The NASPA Community Colleges Division Latino Task Force (NASPA CCD LTF) was recently selected as one of the Commitments to Action for the White House Initiative on Educational Excellence for Hispanics as part of their 25th anniversary call to action. On Friday, October 16, President Obama announced 150 Commitments to Action with a collective investment of over $350 million which will build on, and accelerate federal, state, and local investments in high-quality education, from cradle-to-career for the nation’s Latino community. Learn more about the White House Initiative on Educational Excellent for Hispanics and their Commitments to Action here.
The NASPA Community Colleges Division started the Latino Task Force initiative under the leadership of Dr. Magdalena de la Teja. The purpose of this initiative is to develop a plan to advance Latinos in the profession of student affairs who seek to work or are currently working at community colleges. The initiative will also focus on creating a pipeline from college, through graduate school, to employment for Latino students interested in or seeking to pursue a career in student affairs at community colleges.
Increasing the presence of Latinos in the profession of student affairs within the community college is significant because of the growing Latino demographic in the U.S. and the choice Latinos are making to start their higher education experience within the community college.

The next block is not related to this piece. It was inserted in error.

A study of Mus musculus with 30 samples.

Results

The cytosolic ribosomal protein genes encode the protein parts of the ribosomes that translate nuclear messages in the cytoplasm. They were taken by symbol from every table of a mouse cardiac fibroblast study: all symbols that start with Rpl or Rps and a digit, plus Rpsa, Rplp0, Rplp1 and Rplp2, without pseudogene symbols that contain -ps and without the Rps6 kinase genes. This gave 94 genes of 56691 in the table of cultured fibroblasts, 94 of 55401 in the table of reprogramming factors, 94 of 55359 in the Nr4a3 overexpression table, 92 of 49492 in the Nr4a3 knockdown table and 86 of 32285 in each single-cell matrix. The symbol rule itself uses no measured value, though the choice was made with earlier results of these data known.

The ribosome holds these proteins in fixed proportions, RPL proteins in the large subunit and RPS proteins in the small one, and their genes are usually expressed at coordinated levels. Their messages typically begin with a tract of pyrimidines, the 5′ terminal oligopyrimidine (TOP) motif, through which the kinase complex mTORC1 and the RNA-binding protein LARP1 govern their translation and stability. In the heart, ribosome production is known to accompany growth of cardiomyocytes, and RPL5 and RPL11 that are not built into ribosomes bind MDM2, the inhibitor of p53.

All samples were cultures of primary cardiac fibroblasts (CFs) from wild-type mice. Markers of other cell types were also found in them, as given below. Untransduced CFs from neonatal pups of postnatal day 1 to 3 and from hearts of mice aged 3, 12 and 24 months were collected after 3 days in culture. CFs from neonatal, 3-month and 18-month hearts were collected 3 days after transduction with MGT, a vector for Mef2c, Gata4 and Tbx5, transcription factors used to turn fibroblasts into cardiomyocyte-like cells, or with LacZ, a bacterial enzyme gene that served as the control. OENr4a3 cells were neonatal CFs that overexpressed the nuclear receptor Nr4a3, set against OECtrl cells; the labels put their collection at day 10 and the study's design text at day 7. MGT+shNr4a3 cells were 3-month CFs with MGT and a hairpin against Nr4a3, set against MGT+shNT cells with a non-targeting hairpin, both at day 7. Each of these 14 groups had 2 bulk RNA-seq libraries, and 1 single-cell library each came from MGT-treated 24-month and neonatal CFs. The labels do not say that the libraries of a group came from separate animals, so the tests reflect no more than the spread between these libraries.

Excelencia in Education (a national, independent, not-for-profit organization with the mission of accelerating Latino student success in higher education) in a report entitled, The Condition of Latinos in Education, 2015 Factbook (January) cites the following statistics regarding Latinos in the United States and their educational progress:
- Latinos are the second largest racial/ethnic group and the fastest growing demographic in the United States;
- Latinos are significantly younger than the majority and are more likely to live in poverty; in 2011, Hispanics represented 24% of public school enrollment and are projected to represent 30% by 2023;
- Latino enrollment in higher education was the second highest of all racial/ethnic groups;
- Latinos were more likely to enroll in community colleges than all other groups; in 2012, 46% of Latinos in higher education were enrolled in community colleges, compared to African American (34%), Asian (32%), and White (31%) students in higher education;
- Over two-thirds of all Latino students at two-year institutions enrolled at a Hispanic-Serving Institution (HSI);
- Latinos had lower levels of educational attainment than other groups.
Additionally, Excelencia, in Supporting Latino Community College Students: An Investment in Our Economic Future cites the following:
- In 2012, 21.3 percent of Latino adults had earned an associate degree or higher compared to 40.1 percent of all adults.
- By 2025, half of all U.S. workers will be of Latino descent.
- By 2025, 63 percent of all jobs will require some post-secondary education.